1. Chris Wincup,
  2. Thomas McDonnell,
  3. George Robinson,
  4. Filipa Farinha,
  5. Anna Radziszewska,
  6. David Isenberg and
  7. Anisur Rahman
  1. Dept. of Rheumatology, University College London, London, UK


Background Haematological manifestations are a frequent feature of systemic lupus erythematosus (SLE) yet the role of abnormal iron metabolism is poorly understood. In this study, we investigated the role of key regulators of iron metabolism including ferritin (an iron carrier protein), transferrin (which facilitate iron transport to cell surface receptors), hepcidin (which prevents iron release from stores under the influence of IL6 and IL1β) and lipocalin-2 (LCN2, which is released by innate immune system activation and induces iron sequestration).

Methods Serum samples were collected from SLE patients without a history of haemolytic anaemia attending University College London Hospital, UK (n=39). Clinical parameters including Haemoglobin (Hb), dsDNA, complement C3 and SLEDAI-2K were recorded. Levels of IL1β, IL6, hepcidin, ferritin, LCN2 and transferrin in addition to other iron regulators including erythropoietin (EPO), soluble transferrin receptor (sTfR), haptoglobin (Hp) and NRAMP2, were measured by ELISA. Following normalisation of data, hierarchical correlate cluster was performed to produce a heatmap using MeV Software.

Results The results demonstrate a surprising negative correlation between LCN2 and SLEDAI-2K (P<0.001, r=-0.40), which suggests iron is not being appropriately sequestered in spite of immune activation. Hierarchical clustering is presented in figure 1. Cluster analysis demonstrates that the group with the highest mean SLEDAI-2K (10.7) had lower Hb, transferrin and LCN2 in addition to elevated IL1β, IL6 and hepcidin compared with those with lower SLEDAI-2K. Elevated haptoglobin levels were seen in those in the higher disease activity groups, suggesting that haemolysis was an unlikely cause for anaemia.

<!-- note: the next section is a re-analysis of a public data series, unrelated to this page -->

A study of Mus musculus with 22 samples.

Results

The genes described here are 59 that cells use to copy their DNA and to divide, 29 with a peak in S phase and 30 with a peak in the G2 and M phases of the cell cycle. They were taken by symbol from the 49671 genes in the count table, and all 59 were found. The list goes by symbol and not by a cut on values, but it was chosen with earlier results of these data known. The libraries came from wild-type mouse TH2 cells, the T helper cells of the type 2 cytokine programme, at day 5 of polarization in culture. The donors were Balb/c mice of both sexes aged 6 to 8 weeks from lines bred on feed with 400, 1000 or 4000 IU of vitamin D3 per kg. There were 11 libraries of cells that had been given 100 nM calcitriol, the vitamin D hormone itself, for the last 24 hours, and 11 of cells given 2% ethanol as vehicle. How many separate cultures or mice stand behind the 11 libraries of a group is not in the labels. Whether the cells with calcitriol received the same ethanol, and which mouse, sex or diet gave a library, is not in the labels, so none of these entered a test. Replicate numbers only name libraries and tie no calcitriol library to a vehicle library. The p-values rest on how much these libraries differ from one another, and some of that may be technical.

Abstract P42 Figure 1

Heatmap representation of cluster analysis of key iron mediators in SLE. Normalised data is presented as Z-score with -3.0

Conclusions The findings of this study suggest increased lupus disease activity results in abnormal iron homeostasis through impaired cellular iron import (via reduced transferrin), a lack of stored iron release (under the actions of elevated hepcidin) and reduced iron sequestration by LCN2, which may represent a novel cause of non-haemolytic anaemia.

Acknowledgements This work was supported by Versus Arthritis (549143) and LUPUS UK (176255).